It would be un-American to have a Super Bowl without a Budweiser commercial, without a Coca-Cola commercial, without a Chevy tru... - oh, wait, financially-strapped GM won't be airing any ads during this year's granddaddy of all advertising events.
The sluggish economy is a very real thing - but so is the Super Bowl, with its estimated 100 million viewers. And that means that companies hit by the economy had tough ROI decisions to make. According to a report in today's Los Angeles Times, some advertisers are snubbing the downturn by coughing up as much as $3 million for a 30-second spot, an 11 percent increase over the $2.7 million charged for a slot during last year's game.
So this year, GM and Fed-Ex are out but Denny's and Pedigree dog food have jumped in. Even Intel is in this year, as a partner with Pepsi and Dreamworks for a big 90-second 3D commercial promoting the movie "Monsters vs. Aliens." (Some 125 million 3D glasses are reportedly available in grocery stores across the country, though I haven't seen any at my neighborhood market.)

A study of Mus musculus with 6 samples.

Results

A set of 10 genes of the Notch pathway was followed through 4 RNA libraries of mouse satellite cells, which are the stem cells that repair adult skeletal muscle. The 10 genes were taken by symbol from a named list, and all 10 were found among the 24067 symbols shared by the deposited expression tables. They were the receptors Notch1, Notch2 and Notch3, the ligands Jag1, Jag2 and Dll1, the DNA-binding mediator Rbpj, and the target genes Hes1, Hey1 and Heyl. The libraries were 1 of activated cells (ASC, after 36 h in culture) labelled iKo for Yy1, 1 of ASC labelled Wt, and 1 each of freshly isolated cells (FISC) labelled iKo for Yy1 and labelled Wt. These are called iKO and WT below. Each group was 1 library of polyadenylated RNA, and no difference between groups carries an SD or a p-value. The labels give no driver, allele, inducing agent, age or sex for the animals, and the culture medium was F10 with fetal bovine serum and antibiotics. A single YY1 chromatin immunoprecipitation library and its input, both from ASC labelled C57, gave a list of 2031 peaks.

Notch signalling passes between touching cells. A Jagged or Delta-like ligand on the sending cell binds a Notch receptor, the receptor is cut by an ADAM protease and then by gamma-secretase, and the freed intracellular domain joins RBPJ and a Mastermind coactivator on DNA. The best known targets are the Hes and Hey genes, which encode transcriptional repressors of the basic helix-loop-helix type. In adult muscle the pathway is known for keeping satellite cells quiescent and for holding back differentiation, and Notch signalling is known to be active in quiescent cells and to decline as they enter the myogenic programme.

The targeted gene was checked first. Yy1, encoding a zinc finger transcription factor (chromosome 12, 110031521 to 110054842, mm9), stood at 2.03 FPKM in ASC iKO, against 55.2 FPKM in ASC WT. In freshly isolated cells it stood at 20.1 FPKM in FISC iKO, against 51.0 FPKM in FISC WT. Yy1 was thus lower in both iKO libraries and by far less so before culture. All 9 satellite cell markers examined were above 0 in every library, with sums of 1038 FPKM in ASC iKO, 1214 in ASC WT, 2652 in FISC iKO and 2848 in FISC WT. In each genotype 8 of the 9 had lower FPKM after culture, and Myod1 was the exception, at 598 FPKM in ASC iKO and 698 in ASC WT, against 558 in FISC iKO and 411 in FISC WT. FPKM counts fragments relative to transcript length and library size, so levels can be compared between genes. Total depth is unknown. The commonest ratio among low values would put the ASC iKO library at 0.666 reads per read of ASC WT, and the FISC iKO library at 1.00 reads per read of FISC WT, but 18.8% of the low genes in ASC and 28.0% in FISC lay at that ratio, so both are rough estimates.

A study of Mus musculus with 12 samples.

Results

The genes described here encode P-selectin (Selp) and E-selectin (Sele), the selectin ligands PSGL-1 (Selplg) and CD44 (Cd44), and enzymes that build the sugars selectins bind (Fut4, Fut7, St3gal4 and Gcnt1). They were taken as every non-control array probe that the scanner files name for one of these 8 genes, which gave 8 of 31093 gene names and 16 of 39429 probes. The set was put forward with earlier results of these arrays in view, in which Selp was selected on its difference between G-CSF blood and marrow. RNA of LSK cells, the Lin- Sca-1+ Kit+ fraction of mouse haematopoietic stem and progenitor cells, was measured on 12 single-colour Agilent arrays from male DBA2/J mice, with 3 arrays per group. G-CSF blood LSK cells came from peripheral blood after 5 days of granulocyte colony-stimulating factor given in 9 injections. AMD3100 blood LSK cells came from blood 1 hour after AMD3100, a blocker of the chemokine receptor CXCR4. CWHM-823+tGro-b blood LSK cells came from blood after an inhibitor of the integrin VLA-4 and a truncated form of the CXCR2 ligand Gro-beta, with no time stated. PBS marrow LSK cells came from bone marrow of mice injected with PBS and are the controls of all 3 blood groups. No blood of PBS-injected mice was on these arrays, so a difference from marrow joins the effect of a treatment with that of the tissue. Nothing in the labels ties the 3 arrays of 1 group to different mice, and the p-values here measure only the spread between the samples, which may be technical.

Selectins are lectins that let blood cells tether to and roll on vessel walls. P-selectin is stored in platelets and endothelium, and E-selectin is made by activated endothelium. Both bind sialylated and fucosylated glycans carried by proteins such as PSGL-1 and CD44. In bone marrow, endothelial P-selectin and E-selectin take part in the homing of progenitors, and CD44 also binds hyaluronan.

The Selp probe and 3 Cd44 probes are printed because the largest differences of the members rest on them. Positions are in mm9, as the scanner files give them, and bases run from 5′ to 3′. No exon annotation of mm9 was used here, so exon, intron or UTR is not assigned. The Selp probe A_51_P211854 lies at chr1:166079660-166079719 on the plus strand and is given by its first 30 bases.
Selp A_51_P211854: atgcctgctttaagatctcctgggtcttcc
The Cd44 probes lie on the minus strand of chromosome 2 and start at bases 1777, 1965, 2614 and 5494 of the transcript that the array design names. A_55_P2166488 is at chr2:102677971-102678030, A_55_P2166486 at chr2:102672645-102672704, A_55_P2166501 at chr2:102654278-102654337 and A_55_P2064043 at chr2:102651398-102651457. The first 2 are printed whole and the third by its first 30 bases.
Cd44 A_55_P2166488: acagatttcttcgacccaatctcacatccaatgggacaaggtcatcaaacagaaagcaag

Also see: Previous year's Super Bowl commercials
Some say that a downturn is the best time to invest and beef up brand equity so that the company is stronger when the economy finally starts to recover - and what better way to reach millions of tuned-in viewers than the Super Bowl. Others might argue that the Super Bowl is overpriced and those same dollars could be spread out among different platforms throughout the year.
I'm no macroeconomic expert, so I punt this question to you: Given the current economic conditions, is the Super Bowl a smart ad buy or a frivolous one? I look forward to reading your thoughts. Chime in on the Talkbacks.